UCLA and University of Michigan students protest affirmative action bans in 1996 and 2006.

Protests by University of California and Michigan students in 1996 and 2006 responding to state bans of affirmative action.

AP file photos

Nation & World

Michigan, California speak from experience in briefs supporting Harvard

4 min read

Schools have struggled in diversity efforts since bans on race-conscious admissions

How might America’s colleges and universities be changed by a Supreme Court ruling that ends race-conscious admissions? Data from the state university systems in California and Michigan paint a troubling picture.

Both were forced to stop considering race after voters called for statewide bans. That led to a precipitous decline in campus diversity, senior officials at the schools said in briefs filed with the court in support of Harvard and the University of North Carolina.

These briefs contradict statements Students for Fair Admissions made Monday in its argument against Harvard before the Supreme Court, in which the group’s lawyers claimed that the experiences of Michigan and California show how a university can achieve effective race-neutral alternatives. In fact, both schools have found these alternatives lacking, officials said.

Likening the university to an “experiment in race-neutral admissions,” Michigan officials said that the school’s struggle to maintain diversity underscores how a limited consideration of race is necessary for colleges and universities to achieve the educational benefits that arise from a diverse student body.

Even with what officials described as “extraordinary” recruiting efforts, enrollment among Black and Native American students at Michigan has fallen by 44 percent and 90 percent, respectively, since 2006, when consideration of race was banned. These declines come despite admissions officers’ consideration of a candidate’s socioeconomic background and whether they would be the first in their family to attend college.

Michigan has been a prominent voice in the case law concerning the constitutionality of race-conscious admissions, including in Grutter v. Bollinger (2003). In that case, the Supreme Court reaffirmed that obtaining the educational benefits of a diverse student body is a “compelling state interest” that can justify using race as one factor among many in a holistic consideration of each applicant. This principle “remains just as true today,” Michigan officials say.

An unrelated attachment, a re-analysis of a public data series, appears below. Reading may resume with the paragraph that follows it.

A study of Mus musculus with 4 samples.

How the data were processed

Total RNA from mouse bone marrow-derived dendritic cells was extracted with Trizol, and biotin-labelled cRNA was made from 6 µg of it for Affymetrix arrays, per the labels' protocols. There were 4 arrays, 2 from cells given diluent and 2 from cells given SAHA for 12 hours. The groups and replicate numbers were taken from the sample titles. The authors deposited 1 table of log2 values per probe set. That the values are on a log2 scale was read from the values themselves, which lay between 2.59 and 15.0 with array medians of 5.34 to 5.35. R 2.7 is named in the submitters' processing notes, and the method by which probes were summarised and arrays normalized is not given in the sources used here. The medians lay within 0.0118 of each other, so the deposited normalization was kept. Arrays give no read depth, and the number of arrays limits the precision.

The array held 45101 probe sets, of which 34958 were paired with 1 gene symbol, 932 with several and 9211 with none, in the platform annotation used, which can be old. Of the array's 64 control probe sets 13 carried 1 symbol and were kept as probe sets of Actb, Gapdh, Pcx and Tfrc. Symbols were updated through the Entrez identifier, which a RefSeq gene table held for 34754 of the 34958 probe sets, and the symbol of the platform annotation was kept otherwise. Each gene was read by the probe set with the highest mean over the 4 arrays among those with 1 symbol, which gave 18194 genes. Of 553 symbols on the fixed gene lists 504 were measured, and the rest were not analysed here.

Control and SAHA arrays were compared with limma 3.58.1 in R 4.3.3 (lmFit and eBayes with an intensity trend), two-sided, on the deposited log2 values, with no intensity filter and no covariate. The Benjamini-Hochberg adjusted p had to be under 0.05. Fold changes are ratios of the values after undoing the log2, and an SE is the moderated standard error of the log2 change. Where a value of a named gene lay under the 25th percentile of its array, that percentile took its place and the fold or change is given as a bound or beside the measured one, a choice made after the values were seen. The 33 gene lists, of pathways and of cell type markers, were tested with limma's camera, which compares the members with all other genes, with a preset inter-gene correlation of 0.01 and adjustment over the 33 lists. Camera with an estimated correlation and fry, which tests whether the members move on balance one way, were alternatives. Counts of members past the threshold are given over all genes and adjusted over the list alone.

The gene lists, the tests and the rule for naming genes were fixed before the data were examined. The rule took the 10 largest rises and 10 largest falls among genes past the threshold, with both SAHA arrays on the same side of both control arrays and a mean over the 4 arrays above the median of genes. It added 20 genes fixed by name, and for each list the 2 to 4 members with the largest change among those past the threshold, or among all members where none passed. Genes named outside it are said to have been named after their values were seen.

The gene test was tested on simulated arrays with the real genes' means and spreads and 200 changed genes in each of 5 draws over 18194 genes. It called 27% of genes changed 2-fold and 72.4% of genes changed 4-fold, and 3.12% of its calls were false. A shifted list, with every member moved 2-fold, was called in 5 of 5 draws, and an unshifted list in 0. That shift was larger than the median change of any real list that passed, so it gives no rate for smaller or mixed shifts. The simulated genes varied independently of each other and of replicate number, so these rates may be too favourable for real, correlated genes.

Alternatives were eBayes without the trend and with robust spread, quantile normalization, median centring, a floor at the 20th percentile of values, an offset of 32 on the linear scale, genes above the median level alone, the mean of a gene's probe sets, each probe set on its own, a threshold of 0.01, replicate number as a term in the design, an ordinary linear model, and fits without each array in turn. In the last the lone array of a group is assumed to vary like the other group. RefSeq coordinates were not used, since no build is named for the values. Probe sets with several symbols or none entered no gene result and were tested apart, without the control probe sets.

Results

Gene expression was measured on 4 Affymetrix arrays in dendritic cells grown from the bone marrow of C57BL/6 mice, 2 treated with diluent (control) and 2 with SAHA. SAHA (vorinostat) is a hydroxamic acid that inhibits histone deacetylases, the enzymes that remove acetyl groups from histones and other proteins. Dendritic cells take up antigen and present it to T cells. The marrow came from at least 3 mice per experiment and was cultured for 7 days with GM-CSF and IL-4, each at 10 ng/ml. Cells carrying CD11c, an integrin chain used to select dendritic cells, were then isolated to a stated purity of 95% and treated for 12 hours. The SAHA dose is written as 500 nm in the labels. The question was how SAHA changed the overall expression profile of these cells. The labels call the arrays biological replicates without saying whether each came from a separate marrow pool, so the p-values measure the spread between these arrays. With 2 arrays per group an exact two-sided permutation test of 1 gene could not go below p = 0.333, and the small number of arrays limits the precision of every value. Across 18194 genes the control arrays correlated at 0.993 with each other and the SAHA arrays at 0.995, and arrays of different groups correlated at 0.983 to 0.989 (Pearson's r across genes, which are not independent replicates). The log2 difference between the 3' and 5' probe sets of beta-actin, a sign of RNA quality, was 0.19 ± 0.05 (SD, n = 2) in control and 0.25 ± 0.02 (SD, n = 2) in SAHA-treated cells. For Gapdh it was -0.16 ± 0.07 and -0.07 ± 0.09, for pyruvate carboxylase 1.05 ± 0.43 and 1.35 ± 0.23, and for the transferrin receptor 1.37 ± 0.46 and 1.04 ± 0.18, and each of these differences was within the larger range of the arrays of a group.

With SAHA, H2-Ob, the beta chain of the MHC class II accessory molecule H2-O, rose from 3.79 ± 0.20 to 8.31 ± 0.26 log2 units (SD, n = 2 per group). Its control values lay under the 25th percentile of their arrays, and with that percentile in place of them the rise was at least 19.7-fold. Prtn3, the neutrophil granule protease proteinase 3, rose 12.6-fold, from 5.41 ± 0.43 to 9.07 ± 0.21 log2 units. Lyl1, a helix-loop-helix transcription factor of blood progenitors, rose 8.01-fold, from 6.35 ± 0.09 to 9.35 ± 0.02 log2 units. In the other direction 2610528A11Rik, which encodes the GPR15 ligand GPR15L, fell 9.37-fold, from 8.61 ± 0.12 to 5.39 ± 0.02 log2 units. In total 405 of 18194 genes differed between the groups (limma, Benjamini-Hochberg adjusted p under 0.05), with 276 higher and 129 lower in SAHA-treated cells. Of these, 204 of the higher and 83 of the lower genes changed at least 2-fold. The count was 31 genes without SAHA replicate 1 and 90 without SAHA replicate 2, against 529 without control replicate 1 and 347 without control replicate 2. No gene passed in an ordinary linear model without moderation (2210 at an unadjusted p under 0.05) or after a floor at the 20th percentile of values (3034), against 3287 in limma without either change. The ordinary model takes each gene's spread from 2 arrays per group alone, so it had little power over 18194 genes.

Like Michigan, the University of California implemented a wide variety of race-neutral approaches to continue attracting or even increasing student diversity across its 10 campuses after voters adopted Proposition 209 in 1996, which banned consideration of race in college admissions.

While UC has had some success expanding economic and geographic diversity among its more than 290,000 students, it has struggled to enroll a student body that is “sufficiently racially diverse to attain the educational benefits of diversity,” university officials said in their brief.

First-year enrollment of students from underrepresented groups has fallen “precipitously” systemwide and has declined by 50 percent or more at UC’s most selective campuses, where African American, Native American, and Latino students are already underrepresented and widely report struggling with feelings of racial isolation, UC officials wrote.

In the aftermath of the ban, falloff was particularly dramatic at UCLA and UC Berkeley. In 1995, African Americans made up 7.13 percent of first-year students at UCLA but only 3.43 percent in 1998, the year California’s ban took effect. At Berkeley, 6.32 percent of students were African American in 1995 but just 3.37 percent in 1998. Latino students made up 15.57 percent of Berkeley first-years in 1995 and only 7.28 percent in 1998, despite African American and Latino students representing 7.5 percent and 31 percent, respectively, of the state’s public high school graduates in 1998.

Even as California has grown more diverse, these racial disparities persist. In 2019, 52.3 percent of California public high school graduates identified as Latino, while 24.4 percent identified as white, 13.6 percent as Asian, 5.5 percent as African American, and 0.5 percent as Native American. Yet only 25.4 percent of first-year undergraduates across UC’s nine college campuses identified as Latino, 3.87 percent as African American, and 0.42 percent as Native American, according to UC’s brief.

California’s difficulties since the late 1990s to achieve racial diversity demonstrate “that highly competitive universities may not be able to achieve the benefits of student-body diversity through race-neutral measures alone,” officials said, and so “must retain” the ability to consider race in a limited fashion, as the Supreme Court has permitted.

“In a nation where race matters, universities must maintain campus environments that enable them to teach their students to see each other as more than mere stereotypes,” UC wrote. “Succeeding at that endeavor is crucial to preparing the next generation to be effective citizens and leaders in an increasingly diverse nation.”